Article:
Tuesday, March 24, 2015

An Unimaginable Tragedy

Gabriel Sasson at speaking at the funeral of his 7 children in Jerusalem (JP)
I have hesitated commenting on the tragedy that befell the Sassoon family last Shabbos.  That’s because it is so painful for me to think about. Losing a child to a fire is horrible enough.  I can’t even imagine it. My brain shuts off. It will not allow me to go there. I have 4 children. The horror of losing 7 children that way is impossible to contemplate. It almost becomes a statistic to an outsider not directly experiencing it. Much like the 6 million Jews slaughtered in the Holocaust. 

But it should never be thought of that way. Losing seven children aged 5 to 16 is not just a statistic. They were seven beautiful human beings that died a horrible death through no fault of their own… or anyone else’s. The classic theodicy.

Although reluctant to talk about it, watching the Jerusalem Post video of the funeral at Har Menuchos in Jerusalem moved me to say something. I defy anyone to watch the video and not shed a tear. The father of those children, Gabriel Sasson, asks the question of God:
“Why seven? Seven beautiful roses,” asked Sasson, as his voice trembled amid hundreds of unrestrained sobs at Har Hamenuhot Cemetery. “They were so pure. So pure.” “God Almighty took seven roses,” he continued. “He took my children and my future grandchildren – maybe 70 or 80 of them. He took their smiles. To you, my God, I gave my all. My soul. My everything.”
I have no words.  I don’t know how to console a father that has gone – is going – through this. I have never lost a child. I can only relate what it’s like to lose a grandchild, my beloved Reuven. That was to cancer. It was an excruciating loss. One which will be with me the rest of my life. But I know that it is nothing compared to the pain of losing a healthy child suddenly to a fire. Multiply that pain by 7 children. From the Jerusalem Post article they were: Eliane, 16; Rivka, 13; Sara, 5; David, 12; Yeshua, 10; Moshe, 8; and Yaakov, 5. Just reading all of those names and ages in this context makes my eyes water.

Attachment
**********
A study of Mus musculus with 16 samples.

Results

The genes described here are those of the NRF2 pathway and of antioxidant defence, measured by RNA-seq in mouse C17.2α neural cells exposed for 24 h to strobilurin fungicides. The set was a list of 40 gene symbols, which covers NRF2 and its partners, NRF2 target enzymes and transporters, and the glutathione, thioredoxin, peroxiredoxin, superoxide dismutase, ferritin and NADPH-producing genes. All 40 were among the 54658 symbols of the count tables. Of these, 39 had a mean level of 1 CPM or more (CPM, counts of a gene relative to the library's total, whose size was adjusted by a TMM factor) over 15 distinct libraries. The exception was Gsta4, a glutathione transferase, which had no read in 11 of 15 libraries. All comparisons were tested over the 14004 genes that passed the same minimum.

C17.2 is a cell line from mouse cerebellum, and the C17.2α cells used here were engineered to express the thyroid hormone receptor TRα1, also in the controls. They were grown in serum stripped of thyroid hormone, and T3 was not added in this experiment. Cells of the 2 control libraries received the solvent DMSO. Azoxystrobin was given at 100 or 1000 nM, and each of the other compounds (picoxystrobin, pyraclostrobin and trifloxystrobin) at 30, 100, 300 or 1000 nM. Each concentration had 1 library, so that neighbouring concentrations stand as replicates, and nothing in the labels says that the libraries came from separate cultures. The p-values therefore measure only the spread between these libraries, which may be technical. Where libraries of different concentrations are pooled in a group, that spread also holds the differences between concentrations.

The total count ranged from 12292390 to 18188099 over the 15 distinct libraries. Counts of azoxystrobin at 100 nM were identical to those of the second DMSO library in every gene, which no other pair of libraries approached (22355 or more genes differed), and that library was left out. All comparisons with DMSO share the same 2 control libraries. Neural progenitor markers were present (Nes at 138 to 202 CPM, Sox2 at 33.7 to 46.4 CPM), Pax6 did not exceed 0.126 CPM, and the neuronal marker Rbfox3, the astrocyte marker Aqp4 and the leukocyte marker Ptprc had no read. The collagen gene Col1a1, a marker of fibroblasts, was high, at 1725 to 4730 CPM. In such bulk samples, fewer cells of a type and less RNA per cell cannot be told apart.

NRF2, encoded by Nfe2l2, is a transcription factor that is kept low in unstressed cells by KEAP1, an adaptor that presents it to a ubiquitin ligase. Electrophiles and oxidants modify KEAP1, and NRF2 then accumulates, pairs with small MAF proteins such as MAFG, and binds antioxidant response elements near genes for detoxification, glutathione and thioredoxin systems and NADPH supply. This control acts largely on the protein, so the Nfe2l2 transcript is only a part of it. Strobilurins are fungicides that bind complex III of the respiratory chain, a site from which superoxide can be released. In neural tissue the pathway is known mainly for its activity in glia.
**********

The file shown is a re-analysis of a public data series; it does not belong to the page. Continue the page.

And then there are the 2 survivors.  Mr. Sasson’s wife Gayle, 45, and daughter Siporah, 15. They are in critical condition having jumped out of a 2nd story window. And all this happened on Shabbos to a Shabbos observant family, no less. A day that is elevated by God above all the other days of the week.

It is enough to make an Apikores out of anyone. And yet Mr. Sasson’s Emunah, his faith in God and Judaism remains strong.  I suppose that those who suffered the tragedies of the Holocaust and remained with their faith had the same kind of challenges. Tzadik V’Ra Lo. Why indeed do bad things happen to good people?! It seems so unjust… so unfair… to seemingly punish innocent people in this horrible way… and in the case of an observant Jew - on a Shabbos no less. I have no answers. Just questions.

In the face of such a tragedy, there are some who want to use it to talk about how this could have been prevented. Now is not the time for such discussions. They just add to the pain (…if that’s even possible when the pain is so great!)

There are some who have implied that Shabbos observance itself  is the cause of this tragedy.  Have these vultures no feeling? Have they no empathy for the suffering of a man who one day had everything - and in a moment lost everything?! What is the matter with these people?!

Now is not the time for speculating about what could have been done. And it is certainly not the time to blame religion for the tragedy. Instead of blaming religion - let them look at the incredible faith this man has in the face of such a horrible tragedy. That tells you what he is made of.

Now is the time to let Mr. Sassoon mourn his loss and to try and comfort him as best we can. (Which to me seems like a mindbogglingly impossible task. But that does not free us from trying.) I will end with the traditional consolation prayer made to the bereaved. HaMakom Menachem Eschem B’Soch Shaar Avelei Tzion V’Yerushalayim. May God comfort Mr. Sasson among the mourners of Zion and Jerusalem.